Skip links

Bucks for Birds #1: A Fast Start

And we’re off! If you’re just joining us, we at Overton Park Conservancy are using the month of April to highlight two important components of the Old Forest: the birds that pass through during spring migration, and the invasive plant species that we’re working to eradicate. Because birds can be poisoned by invasive plants (and because they’re very good at spreading invasive seeds far and wide), we decided to connect those dots through a program called Bucks for Birds.

For every bird species we see in the Old Forest in April–the prime month for birds to pass through our area on the way north to their breeding grounds–we’re asking you to pledge an amount of your choice. At the end of the month, we’ll tally up the total and collect your payment, which will go toward removing invasive nandina and mahonia shrubs. So if you pledge $1 per bird and we see 52 species, you’ll contribute $52 toward the health of the forest.

What are you waiting for? Go pledge now!

Before we get to our first set of birds, we want to invite you to attend this Saturday’s Old Forest Science Fair. We’ll be at the Tylur French arched gateway between Rainbow Lake Playground and Overton Bark from 10:00AM – 1:00PM this Saturday, April 8 discussing research projects that are happening in the woods. You’ll get to meet scientists working on copperhead, tree, and mammal studies. And if you come at 10:00, I’d love for you to join me (Melissa) on a walk to look for more birds to add to the tally!

All right, down to business. I’ll be posting photos of all the new species a couple of times a week along with a running list of the total. The posts will get lighter as we go because I’m knocking out a lot of the common birds here at the beginning, such as…

American robin, which was obviously going to be species #1. This one was drying off after yesterday’s midday rain shower.

American robin

Northern cardinal, another year-round resident, is perhaps our second most visible bird. And even if you don’t see their red feathers flashing by, the omnipresent “chip” noises and “pyew pyew pyew” calls remind you that they’re always around.

Northern cardinal

White-throated sparrows, common winter residents here, will be around for a couple more months. There are two color forms of this bird, one with a bold white head stripe, and one with a paler tan stripe. The white-striped birds are more aggressive and better singers, but the tan-striped birds are more attentive to their young. You can read more about these variations here.

White-throated sparrow

Speaking of good singers, the Carolina wren is a tiny bird with a big voice. You can often hear males and females talking to each other: the male sings, and the female responds with a slurred chattering note.

Carolina wren

The myrtle warbler we see in our forest all year has just recently regained its distinction as a species. In the 1970s, it was lumped into the yellow-rumped warbler species along with the Audubon’s warbler. But recent genetic studies suggest that these birds are distinct, and now they’ve been split again. Unfortunately, we won’t be adding Audubon’s warbler to our Bucks for Birds tally–they’re only found in the western part of the United States.

Yellow-rumped warbler

One of two woodpecker species in the Old Forest that look almost exactly alike, this hairy woodpecker can be distinguished from the downy woodpecker by its slightly larger size and longer bill. We’ll work on finding a downy for comparison!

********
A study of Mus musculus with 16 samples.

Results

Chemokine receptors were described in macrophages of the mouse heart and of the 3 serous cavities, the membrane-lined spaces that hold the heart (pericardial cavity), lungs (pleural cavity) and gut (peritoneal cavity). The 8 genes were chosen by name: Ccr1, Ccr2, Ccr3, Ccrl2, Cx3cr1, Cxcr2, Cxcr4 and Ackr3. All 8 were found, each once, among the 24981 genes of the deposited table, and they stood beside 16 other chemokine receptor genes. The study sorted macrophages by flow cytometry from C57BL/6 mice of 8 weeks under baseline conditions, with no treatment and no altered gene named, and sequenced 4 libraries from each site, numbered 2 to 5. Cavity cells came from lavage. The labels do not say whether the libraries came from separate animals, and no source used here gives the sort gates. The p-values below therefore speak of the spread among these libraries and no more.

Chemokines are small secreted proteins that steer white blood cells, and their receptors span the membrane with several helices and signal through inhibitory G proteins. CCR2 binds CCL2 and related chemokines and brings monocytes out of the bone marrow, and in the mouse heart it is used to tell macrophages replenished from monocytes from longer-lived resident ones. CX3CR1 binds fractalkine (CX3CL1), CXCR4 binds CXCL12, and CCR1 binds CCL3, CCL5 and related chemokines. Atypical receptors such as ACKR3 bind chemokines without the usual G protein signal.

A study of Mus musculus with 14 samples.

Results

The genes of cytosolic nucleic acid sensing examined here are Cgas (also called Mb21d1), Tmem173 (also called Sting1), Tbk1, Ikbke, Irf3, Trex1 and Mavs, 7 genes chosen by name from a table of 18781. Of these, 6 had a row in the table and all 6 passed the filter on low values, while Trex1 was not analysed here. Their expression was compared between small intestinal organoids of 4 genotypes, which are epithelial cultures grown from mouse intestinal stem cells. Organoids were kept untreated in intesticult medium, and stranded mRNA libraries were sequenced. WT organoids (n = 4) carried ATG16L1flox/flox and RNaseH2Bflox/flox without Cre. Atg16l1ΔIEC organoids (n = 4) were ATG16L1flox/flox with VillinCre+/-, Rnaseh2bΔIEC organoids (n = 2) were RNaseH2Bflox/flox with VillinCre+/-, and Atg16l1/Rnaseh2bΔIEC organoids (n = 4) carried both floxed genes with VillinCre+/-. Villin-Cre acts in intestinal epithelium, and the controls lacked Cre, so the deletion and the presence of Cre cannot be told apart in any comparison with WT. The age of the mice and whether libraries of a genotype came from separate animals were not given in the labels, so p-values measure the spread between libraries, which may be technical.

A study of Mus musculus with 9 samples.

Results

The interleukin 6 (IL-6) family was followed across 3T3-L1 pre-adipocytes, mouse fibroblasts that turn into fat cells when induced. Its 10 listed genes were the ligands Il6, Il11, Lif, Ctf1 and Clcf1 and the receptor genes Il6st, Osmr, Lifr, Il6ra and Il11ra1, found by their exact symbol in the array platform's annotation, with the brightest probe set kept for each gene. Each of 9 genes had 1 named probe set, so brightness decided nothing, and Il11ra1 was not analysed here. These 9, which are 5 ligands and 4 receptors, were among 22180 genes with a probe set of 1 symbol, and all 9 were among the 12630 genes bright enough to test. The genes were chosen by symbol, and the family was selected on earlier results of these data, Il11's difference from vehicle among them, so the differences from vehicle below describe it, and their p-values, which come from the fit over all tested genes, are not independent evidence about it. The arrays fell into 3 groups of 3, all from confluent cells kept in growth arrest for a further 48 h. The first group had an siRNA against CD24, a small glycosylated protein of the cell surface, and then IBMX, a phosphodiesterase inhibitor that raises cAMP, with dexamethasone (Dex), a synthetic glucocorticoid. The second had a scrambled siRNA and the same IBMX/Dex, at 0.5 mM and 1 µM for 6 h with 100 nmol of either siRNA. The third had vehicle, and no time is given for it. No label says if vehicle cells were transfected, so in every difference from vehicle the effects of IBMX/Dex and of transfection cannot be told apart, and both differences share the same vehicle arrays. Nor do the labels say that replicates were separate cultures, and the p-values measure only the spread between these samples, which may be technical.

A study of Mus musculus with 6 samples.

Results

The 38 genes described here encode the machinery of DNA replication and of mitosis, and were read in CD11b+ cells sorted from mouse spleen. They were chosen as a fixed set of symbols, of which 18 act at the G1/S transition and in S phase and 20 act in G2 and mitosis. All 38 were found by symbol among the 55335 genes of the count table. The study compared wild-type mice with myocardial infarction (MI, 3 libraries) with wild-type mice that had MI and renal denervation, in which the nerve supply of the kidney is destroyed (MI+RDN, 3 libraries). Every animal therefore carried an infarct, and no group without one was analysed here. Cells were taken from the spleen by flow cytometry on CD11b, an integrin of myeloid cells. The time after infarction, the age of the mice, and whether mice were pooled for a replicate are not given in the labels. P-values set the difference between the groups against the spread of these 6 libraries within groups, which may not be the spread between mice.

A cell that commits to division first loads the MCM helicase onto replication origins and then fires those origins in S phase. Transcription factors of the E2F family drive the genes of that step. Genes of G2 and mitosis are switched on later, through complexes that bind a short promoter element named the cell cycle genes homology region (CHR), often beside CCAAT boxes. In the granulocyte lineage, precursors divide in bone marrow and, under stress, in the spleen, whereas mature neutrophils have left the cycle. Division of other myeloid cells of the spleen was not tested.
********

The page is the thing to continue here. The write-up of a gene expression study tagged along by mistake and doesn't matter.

Hairy woodpecker

The brown-headed cowbird often gets a bad rap because it lays its eggs in the nests of other birds. But it’s simply living out an adaptation it once used to survive on the plains, following bison around and feeding on the insects they carried. As a transient bird, if it remained in a nest to raise its young, it would lose its food source.

Brown-headed cowbird

Here’s a late visit from an orange-crowned warbler, which winters here but will soon head north. I’ve never seen its namesake crown, which only shows when it’s agitated, but its interrupted white eye-ring is a good clue to its identity.

Orange-crowned warbler

The hermit thrush will also be on its way north soon, to be replaced by wood thrushes, Swainson’s thrushes, and veeries. I’m particularly fond of these because they often perch beautifully for photos.

Hermit thrush

Now the fun stuff: the migrants have started to arrive! One of the earliest indicators that spring is here is an appearance by a blue-gray gnatcatcher. These tiny birds buzz and screech as they flit from tree to tree. I find them easy to spot (there are often several in one place) but difficult to photograph (they won’t stop moving!). This is not one of my better efforts, but the others I saw yesterday were all in the treetops.

Blue-gray gnatcatcher

Another hard-to-photograph bird is the Northern parula. (I’m actually very happy with this picture!) This is the first spring warbler I’ve seen this year, and right now you can hear them chattering high up in the trees. Like the gnatcatcher, their tone is fairly buzzy, but the parula’s call lasts longer.

Northern parula

And finally we have this mystery bird I saw this morning near the golf course. It had a rusty-red stripe on the top of its head, along with an olive-washed head and tail. My best guess is palm warbler, but I’m waiting on the folks over at iNaturalist to weigh in. I’m not counting it toward the total until someone else confirms it!

Palm warbler

The list so far (11 species):

  • American robin
  • Blue-gray gnatcatcher
  • Brown-headed cowbird
  • Carolina wren
  • Hairy woodpecker
  • Hermit thrush
  • Myrtle warbler
  • Northern cardinal
  • Northern parula
  • Orange-crowned warbler
  • White-throated sparrow

Keep checking back for the latest totals. Oh, and go make that pledge!